Updated on December 23, 2012

The United States Equal Employment Opportunity Commission was brought to fruition by the Civil Rights Act of 1964 (Title VII) to ensure that potential employees could not be discriminated against. Equal Employment Opportunity (EEO) protects against discrimination based on race, color, religion, sex, national origin, disability, age, and genetic information, as well as disabled, recently separated, other protected, and armed forces service medal veterans. These bases apply to hiring, promotion, discharge, pay, benefits, training, classification, and referral in the workplace.

But is something missing?

Despite seeming covering all bases, the EEO misses one important, popular trait: body modification. An estimated 14% of Americans have a tattoo; 36% of 18-25 year olds and 40% of 26-40 year olds (the primary age groups seeking employment) are tattooed. Also, 14% of Americans have a piercing other than their ear lobes, with the majority of those being facial piercings.


Innate vs Acquired

When speaking of body modification in regards to discrimination, the point arises that people choose to modify themselves and it is their responsibility to consider the consequences. Many people feel that an innate trait, or one acquired against one’s will, deserves to be protected from prejudice, while a willingly acquired one does not merit the same action.


You must then, however, consider the other side. Should a qualified, responsible, ideal candidate be rejected a job for the sole reason of having body modifications? Certainly the job position itself plays a role in this decision, and therefore there is no clear answer. For example, a general labor job may be more flexible with modifications than a customer service position. Regardless, some groups are still looking to get modifications covered by the EEO and a quick Google search will find many petitions attempting to do so.

Church of Body Modification

The Church of Body Modification is one group pushing to criminalize the discrimination of people with piercings and tattoos. Their vision statement reads:

As members of this Church, we envision living in a society where we are seen as an asset to our community, treated as equal to any non-modified person. We conceive of a time where we may practice our rituals and body modification without prejudice or discrimination. By acting responsibly and with integrity, we wish to observe our sincerely held religious beliefs without restriction.

The CBM states that they believe in and practice spiritual body modification. The problem with this is that it could be argued that members join the church in order to have their modifications covered under the religious base of the EEO.

The Question of Content

An important issue that must be considered, particularly in regards to tattoos, is the content of the piece in question. For example, I know of a woman who works as an elementary school teacher. She has a small tattoo of a star on her wrist and the administration has no objections to it. However, if the tattoo were of something else, or even if she lived in a culture where a star has a deeper meaning, the tattoo may not be acceptable.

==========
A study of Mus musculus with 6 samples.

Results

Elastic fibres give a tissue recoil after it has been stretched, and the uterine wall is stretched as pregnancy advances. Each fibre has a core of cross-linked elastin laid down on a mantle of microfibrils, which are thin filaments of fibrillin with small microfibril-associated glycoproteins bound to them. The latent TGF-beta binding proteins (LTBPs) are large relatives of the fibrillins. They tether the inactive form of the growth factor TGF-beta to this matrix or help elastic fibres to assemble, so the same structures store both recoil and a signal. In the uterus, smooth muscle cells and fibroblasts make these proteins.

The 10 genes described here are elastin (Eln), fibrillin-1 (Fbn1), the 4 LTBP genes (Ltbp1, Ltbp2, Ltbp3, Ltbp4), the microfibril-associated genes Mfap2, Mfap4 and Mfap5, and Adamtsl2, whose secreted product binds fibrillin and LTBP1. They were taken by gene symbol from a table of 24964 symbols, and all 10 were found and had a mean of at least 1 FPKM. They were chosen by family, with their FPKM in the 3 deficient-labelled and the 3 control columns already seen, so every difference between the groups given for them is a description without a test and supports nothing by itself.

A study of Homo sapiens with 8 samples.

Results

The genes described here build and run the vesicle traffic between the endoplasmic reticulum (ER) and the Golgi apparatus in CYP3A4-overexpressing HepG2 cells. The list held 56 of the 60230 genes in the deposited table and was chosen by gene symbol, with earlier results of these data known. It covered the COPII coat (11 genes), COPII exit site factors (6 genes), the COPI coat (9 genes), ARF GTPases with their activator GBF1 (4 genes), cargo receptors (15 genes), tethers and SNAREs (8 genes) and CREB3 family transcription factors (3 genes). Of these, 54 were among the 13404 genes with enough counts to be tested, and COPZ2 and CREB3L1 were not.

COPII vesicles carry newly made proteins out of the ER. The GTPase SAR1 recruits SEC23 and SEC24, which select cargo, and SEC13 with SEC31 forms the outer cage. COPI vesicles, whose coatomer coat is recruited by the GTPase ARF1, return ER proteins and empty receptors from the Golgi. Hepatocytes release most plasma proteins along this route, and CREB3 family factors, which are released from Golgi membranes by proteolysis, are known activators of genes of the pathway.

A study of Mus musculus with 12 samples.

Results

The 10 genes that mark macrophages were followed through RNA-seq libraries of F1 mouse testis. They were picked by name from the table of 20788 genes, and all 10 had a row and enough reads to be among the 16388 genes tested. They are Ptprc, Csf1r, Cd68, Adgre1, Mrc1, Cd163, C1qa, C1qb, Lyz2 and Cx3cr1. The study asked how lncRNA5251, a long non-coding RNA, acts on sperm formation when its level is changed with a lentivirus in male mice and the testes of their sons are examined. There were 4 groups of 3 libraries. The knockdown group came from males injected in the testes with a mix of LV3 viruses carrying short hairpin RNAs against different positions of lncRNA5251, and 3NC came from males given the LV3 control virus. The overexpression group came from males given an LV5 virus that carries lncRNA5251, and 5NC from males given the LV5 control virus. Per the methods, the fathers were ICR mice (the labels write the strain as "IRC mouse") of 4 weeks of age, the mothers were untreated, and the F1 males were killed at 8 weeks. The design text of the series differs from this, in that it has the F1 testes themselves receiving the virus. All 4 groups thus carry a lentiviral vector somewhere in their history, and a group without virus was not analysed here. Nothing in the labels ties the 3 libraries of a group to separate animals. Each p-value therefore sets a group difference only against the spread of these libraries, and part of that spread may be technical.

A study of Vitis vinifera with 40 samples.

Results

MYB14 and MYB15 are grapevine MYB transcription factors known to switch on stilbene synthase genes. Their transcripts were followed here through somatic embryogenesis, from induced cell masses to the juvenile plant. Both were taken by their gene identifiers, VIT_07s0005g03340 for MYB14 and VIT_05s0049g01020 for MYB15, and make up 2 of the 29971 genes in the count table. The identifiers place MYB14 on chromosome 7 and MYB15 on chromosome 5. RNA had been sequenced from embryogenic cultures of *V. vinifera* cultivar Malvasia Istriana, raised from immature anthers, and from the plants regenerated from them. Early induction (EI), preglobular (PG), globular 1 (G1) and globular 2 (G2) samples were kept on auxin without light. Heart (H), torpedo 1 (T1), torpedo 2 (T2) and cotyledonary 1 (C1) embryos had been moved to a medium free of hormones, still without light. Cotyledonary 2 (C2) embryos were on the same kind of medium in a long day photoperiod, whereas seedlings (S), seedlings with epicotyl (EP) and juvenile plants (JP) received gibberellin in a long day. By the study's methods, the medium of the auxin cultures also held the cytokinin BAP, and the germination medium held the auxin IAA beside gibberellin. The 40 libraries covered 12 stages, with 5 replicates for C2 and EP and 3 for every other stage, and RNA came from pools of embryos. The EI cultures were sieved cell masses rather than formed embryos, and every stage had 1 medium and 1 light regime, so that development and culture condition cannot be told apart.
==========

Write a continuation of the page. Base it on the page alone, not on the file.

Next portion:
Can there be a correct answer?

Ultimately the issue comes to personal preference and opinion. Some employers may be accepting of modifications, some may not. Some customers/clients may be accepting and some may not. This is a hotbed issue that may never be solved, because there is no solution that will please everyone.

I have tried to remain unbiased while writing this piece, because despite have tattoos and piercings myself, I am unsure how I feel about this topic. I would love to hear the opinions of others so please share them in the comments.

Do you believe the EEO should include body modification?


      Nell Rose 5 years ago from England

      Hi, fascinating subject and its something that I hadn't really thought about. Saying that though as someone with a tattoo on my upper arm I would hope that I could get any job based on the fact that it was my choice to have it done. I think a compromise should be met, for example covering up the tattoo when at work should not affect the client. Recently my brother had to go to a top solicitor for his new house, and she was very well dressed and professional, when we got to know her well she took off her jacket and she was covered in tattoos! lol! It made her seem more personal to me and we became friends while there, so as long as say a doctor or lawyer doesn't go to work covered in pins all over their face I don't think that there should be a problem, nell

    • davidlivermore profile image

      David Livermore 5 years ago from Bakersfield, California, United States

      The problem is that tats and piercings can affect a business. If I walk into a security company and see some guy tatted up with gang markings, with piercings all over, I am not going to want to hire my security through them. I'm less likely to trust an officer who has his face covered in tattoo's. So while it's unfair that these people can be discriminated against, looks do matter. If it becomes part of the EEO, then you will have officers showing up to your doorstep all tatted up from head to toe. Would you be 100% sure that the person is an officer of the law?

      I work with people have have tattoos. They keep them covered up - which is fine. I am not against hiring someone with tattoos, but in the line of work I am in, they need to be covered up.

      This will be a hard fight to get it in the EEO. People choose to mark up their body. Most of the EEO is about things you can't change or undo, it's how you are born.